Monday, October 22, 2012
Thoughts on the movie Bill W.
We went to see the movie "Bill W." yesterday. I had heard that it was good. Many of the local AA and Al-Anon groups were going to see it. So we went on a date to the movies.
I have to say that the talking and munching of popcorn stopped when the movie started. No one made a sound during the entire movie. It was enthralling for me. I had read some biographies on Bill and Lois but to hear his voice and to see so many archived photos of him was truly wonderful.
The movie started by someone saying “Bill Wilson was a stinking, rotten drunk.” And the story of how he became that drunk and went on to start AA is played out on the screen with some re-enactments but mostly through onscreen interviews with A.A. historians and authors, with current members whose faces are filmed in shadow to preserve anonymity, and through the words of Bill himself. Then there are the poignant typed excerpts from letters written by Wilson and from his wife Lois' diary.
I have to say that seeing the steps scroll past in the film and hearing about how AA was about to fall apart when Bill wrote the twelve traditions was really moving for me. I love the traditions and wish that more people understood just how important they are in keeping meetings and relationships alive. I thought that his own personal struggles with depression when he felt trapped as the "deity" of AA was another part of the film that I found particularly sad.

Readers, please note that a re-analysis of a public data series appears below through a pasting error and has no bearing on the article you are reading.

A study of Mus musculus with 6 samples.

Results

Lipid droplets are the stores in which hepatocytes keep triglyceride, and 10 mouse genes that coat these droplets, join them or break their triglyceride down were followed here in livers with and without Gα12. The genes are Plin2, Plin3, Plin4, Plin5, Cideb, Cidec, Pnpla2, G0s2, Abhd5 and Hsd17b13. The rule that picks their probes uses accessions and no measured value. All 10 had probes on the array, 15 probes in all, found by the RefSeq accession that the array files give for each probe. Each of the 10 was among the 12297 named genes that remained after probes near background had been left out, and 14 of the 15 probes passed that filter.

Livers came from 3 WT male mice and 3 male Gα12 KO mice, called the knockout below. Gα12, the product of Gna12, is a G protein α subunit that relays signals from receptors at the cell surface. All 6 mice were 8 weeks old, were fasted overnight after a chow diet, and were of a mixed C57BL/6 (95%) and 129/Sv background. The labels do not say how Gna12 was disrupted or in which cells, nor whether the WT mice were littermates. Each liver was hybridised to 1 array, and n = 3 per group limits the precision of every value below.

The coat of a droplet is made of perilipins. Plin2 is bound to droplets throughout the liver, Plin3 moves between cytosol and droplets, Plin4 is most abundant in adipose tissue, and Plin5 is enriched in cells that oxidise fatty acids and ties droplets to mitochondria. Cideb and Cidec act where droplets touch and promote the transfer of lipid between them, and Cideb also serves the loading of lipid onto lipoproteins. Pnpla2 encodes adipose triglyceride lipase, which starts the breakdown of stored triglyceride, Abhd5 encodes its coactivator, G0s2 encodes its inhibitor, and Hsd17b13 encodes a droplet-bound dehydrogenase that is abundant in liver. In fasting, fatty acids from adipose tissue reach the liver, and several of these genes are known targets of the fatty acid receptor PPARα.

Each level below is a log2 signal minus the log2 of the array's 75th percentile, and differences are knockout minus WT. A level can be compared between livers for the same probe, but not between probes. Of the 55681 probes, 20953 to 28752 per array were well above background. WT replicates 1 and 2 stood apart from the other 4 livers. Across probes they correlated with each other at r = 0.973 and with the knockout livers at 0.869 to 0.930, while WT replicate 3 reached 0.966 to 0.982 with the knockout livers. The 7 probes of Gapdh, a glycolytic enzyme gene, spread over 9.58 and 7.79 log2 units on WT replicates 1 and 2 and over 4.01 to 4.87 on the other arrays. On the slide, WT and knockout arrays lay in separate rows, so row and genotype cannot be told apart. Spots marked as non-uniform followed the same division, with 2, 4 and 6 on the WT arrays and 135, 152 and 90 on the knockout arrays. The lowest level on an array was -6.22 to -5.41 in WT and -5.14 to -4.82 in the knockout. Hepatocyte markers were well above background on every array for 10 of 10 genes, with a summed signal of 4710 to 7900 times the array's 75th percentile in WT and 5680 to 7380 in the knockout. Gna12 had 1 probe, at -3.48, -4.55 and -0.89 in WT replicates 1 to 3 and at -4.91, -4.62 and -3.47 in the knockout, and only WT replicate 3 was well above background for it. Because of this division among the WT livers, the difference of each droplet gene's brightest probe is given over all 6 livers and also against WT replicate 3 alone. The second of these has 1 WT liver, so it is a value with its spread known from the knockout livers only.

He isn't put on a pedestal in the film. His use of LSD and marital infidelity is discussed. And his explanation that he is just an ordinary man with character defects brought home the enormous pressure that he must have been under to get AA going, keep it going, and to not be deified by the organization. On his deathbed, he asked for liquor. He tried to make Lois feel guilty for not giving it to him. His asking for booze at the end of his life was explained by his not being in his right mind. At the same time, another says alcoholism is "cunning, baffling and powerful".
At the end of the movie, there are facts that scroll down the page: 30 million copies of the book Alcoholics Anonymous that have been sold, there are 2 million members in 170 countries, and about 60 recovery programs that use the 12-step approach. Powerful stuff.
“He piloted this course out of the very deep woods that alcoholism is,” one recovering alcoholic says in the film. So very true.